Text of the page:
National Hepatitis B Strategy 2010–2013

1.1 Roles and responsibilities of parties to this strategy

Page last updated: July 2010

While governments are the formal parties to this document, a partnership approach has been central to the development of this strategy. This has included significant consultation with, and input from, community organisations, researchers, clinicians and health sector workforce organisations. A number of people who contributed are members, or representative members, of the advisory committees detailed further below.

The priority actions identified in this strategy will be progressed through a continuation of this partnership between governments and the community sector, representing people with the infections and their communities, researchers, clinicians and health sector workforce organisations.

Leadership is provided by the Australian Government which works through the Australian Health Ministers’ Conference and its sub-committees to facilitate national policy formulation and coordination. The Blood Borne Virus and Sexually Transmissible Infections Sub-Committee of the Australian Population Health Development Principal Committee includes representatives of all governments as well as community based organisations. It provides expert advice to health ministers through the principal committee and the Australian Health Ministers’ Advisory Council. The Australian Government further seeks advice from the Ministerial Advisory Committee on Blood Borne Viruses and Sexually Transmissible Infections.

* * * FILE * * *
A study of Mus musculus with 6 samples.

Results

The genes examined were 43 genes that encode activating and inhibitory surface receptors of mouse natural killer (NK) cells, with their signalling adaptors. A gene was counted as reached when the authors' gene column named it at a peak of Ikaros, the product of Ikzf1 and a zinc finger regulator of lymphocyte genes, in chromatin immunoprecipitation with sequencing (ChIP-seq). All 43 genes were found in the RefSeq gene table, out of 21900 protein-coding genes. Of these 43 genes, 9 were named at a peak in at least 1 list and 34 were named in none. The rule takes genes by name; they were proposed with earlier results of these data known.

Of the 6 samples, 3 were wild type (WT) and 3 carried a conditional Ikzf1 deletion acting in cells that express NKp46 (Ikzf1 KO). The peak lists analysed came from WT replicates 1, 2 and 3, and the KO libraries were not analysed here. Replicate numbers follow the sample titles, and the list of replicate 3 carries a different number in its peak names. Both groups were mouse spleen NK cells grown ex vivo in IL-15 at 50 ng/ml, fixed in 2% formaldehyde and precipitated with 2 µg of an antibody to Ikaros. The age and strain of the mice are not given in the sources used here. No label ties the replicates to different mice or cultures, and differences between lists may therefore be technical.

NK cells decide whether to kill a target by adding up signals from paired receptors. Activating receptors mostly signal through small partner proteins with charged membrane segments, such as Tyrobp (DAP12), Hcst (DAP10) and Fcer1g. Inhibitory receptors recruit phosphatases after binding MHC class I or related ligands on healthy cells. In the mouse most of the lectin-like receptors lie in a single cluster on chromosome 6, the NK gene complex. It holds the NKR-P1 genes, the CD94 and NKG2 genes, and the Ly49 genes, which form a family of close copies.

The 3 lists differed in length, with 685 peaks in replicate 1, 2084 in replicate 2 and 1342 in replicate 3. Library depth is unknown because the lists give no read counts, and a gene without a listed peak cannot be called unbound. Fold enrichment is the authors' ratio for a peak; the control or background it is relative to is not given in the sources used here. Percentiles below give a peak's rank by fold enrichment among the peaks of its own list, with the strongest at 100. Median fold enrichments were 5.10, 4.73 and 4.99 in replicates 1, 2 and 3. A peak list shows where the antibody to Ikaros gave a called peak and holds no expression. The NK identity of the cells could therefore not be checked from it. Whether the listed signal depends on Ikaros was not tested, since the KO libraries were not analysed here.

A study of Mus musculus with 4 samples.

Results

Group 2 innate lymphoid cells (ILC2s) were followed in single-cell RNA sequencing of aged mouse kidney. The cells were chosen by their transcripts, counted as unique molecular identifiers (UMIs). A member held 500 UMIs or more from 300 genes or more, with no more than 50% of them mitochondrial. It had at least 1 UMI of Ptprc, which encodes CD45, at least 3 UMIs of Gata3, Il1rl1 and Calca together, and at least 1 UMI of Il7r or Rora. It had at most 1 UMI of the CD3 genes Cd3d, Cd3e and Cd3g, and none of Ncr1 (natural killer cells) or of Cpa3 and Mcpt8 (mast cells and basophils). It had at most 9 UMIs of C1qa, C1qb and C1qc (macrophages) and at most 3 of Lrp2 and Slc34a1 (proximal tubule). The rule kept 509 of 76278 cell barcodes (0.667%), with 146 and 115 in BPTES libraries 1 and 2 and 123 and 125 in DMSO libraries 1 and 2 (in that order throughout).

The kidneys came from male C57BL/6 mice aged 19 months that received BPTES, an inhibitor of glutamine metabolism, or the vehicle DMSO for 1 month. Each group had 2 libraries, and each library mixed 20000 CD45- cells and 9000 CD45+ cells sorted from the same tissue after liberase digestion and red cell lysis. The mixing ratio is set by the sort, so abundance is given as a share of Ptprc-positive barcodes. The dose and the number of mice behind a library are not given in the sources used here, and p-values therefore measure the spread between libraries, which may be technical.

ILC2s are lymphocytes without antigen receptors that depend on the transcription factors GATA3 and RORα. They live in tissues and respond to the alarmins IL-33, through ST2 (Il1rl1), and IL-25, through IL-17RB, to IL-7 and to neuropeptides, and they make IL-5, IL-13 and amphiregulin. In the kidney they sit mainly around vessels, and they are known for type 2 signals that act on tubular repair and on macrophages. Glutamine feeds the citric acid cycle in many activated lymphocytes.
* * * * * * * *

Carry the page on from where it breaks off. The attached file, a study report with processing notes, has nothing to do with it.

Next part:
These groups will work in the context of funding arrangements for the health system, reshaping existing policies and programs or extending them where possible. These funding arrangements are provided jointly by the Commonwealth and the states and territories under the National Healthcare Agreement, which is a Schedule to the Council of Australian Governments Intergovernmental Agreement on Federal Financial Relations (which came into effect on 1 January 2009). Related national partnership agreements provide the broad basis for funding reform in the Australian health system. The partnerships relevant to these strategies include the Indigenous Early Childhood Development Partnership and the National Essential Vaccines Partnership.

The Australian Government also funds community and professional organisations, and program delivery organisations and research centres to engage with, and build a knowledge base for, communities affected by BBVs and STIs—to put effective responses in place. The involvement of these organisations and research centres has helped develop the overall response to these health challenges.